The freelance life certainly has its benefits. Being your own boss, the ability to work from anywhere, and having an uber flexible schedule are just some of the allures of being a freelancer. However, as wonderful as those things may sound, this path isn’t for everyone.
Freelancing comes with a lot of uncertainty, especially at the beginning. Unlike a regular job, it doesn’t offer a steady paycheck nor does it come with free or discounted insurance plans and benefits. Not everyone can be freelancers. In fact, there are people that will actually excel more when they’re part of a company or when they have a boss to answer to. (And that’s perfectly fine.)
So how exactly do you know which path to take? Are you meant to climb the corporate ladder or are you cut out to be your own boss?
If you find yourself asking these questions, it’s time to do a little self-exploration. Chances are if you’re leaning towards the freelance path, you’re already exhibiting some of these signs:
1. The thought of a stable job doesn’t comfort you.
Work for someone else so you can make them rich? No, thank you. While others relish the thought of being steadily employed until they retire, you think that being an employee (even if it’s high-level employment) for life isn’t comforting – it’s a death sentence.
You know for yourself that you’re meant to do something more than to just wake up and go work for someone else. Even if “doing something more” isn’t all that clear yet, you’re positive that being an employee isn’t it.
2. Water cooler chit-chats don’t interest you.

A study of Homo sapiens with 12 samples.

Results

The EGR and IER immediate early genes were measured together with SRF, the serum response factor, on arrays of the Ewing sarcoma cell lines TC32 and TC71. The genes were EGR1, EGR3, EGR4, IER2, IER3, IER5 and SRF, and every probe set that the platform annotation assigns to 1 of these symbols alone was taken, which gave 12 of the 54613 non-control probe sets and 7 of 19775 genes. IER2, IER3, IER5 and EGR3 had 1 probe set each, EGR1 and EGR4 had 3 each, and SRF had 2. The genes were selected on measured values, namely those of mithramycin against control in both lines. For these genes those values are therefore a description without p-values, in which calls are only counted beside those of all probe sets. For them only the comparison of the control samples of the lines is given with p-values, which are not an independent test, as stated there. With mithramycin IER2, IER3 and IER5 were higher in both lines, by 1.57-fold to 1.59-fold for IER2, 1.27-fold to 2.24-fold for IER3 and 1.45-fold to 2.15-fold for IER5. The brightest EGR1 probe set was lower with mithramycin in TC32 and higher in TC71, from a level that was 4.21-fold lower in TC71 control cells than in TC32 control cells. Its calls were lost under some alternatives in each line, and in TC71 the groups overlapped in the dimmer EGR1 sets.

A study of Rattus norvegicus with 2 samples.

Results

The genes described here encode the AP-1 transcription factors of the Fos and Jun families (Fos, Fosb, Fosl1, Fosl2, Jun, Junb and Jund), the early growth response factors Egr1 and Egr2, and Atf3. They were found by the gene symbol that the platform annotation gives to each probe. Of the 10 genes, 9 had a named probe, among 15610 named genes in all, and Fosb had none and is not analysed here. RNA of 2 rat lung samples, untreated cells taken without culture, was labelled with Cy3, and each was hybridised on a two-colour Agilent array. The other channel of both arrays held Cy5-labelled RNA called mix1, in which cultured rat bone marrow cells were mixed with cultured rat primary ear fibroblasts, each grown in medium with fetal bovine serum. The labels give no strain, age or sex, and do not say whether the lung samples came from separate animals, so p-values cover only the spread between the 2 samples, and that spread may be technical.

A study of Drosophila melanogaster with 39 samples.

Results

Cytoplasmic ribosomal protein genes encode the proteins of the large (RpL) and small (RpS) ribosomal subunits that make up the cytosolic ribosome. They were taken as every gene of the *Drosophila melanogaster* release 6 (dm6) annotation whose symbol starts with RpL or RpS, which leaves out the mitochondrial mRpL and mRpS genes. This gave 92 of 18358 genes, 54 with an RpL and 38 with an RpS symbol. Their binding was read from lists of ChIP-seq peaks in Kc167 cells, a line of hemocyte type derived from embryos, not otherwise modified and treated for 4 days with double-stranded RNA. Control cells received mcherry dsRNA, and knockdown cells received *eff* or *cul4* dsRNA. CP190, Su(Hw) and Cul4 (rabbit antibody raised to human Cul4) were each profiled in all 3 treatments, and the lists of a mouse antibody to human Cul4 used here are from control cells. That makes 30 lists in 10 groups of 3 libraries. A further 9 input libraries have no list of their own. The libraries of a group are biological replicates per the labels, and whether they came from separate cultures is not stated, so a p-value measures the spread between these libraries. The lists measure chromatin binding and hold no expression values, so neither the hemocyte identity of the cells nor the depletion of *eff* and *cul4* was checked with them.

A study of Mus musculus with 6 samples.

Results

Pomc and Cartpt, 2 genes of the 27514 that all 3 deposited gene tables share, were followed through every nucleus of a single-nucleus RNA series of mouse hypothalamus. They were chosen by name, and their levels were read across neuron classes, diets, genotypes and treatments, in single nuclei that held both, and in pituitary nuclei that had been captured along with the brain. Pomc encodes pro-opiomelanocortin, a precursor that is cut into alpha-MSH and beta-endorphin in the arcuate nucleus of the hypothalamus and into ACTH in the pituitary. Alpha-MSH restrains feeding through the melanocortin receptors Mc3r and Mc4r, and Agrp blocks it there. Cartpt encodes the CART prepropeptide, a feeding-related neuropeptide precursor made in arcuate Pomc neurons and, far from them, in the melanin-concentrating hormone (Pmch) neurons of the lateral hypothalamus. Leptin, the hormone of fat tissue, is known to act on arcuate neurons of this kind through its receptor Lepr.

There are those who love to socialize whenever they free up some time at the office. You? Not so much. During your breaks, you’d rather work on your side projects, catch up on current events, or pick up a self-development book than hang out at the water cooler. It’s not that you’re being anti-social. You just have more productive things to do with your time.
3. You’re taking steps to expand your knowledge.
Learning either slows down or stops for the vast majority of people in the rat race. To them, graduating and joining the workforce means that they never have to pick up a book or take another class again.
This just isn’t the case with you. You’re always striving to expand your knowledge and improve, so you read books, take courses, and follow blogs such as this one.
4. You’ve invested in your hobby.
You don’t have a “take it or leave it” attitude towards your hobby. It’s not something that you do because you’re bored or because it could maybe earn you extra cash. You’re doing it because you’re awesome at it and you love it. In fact you love it so much that you’re willing to invest time and money on educational materials and equipment so you can further develop your skills.
PS: You’ve also stopped referring to it as just your “hobby” because to you, writing, creating websites, telling stories, or whatever it is that you love doing is more than just a pastime. You see it as your profession, your business, and–at the risk of sounding trite – your passion.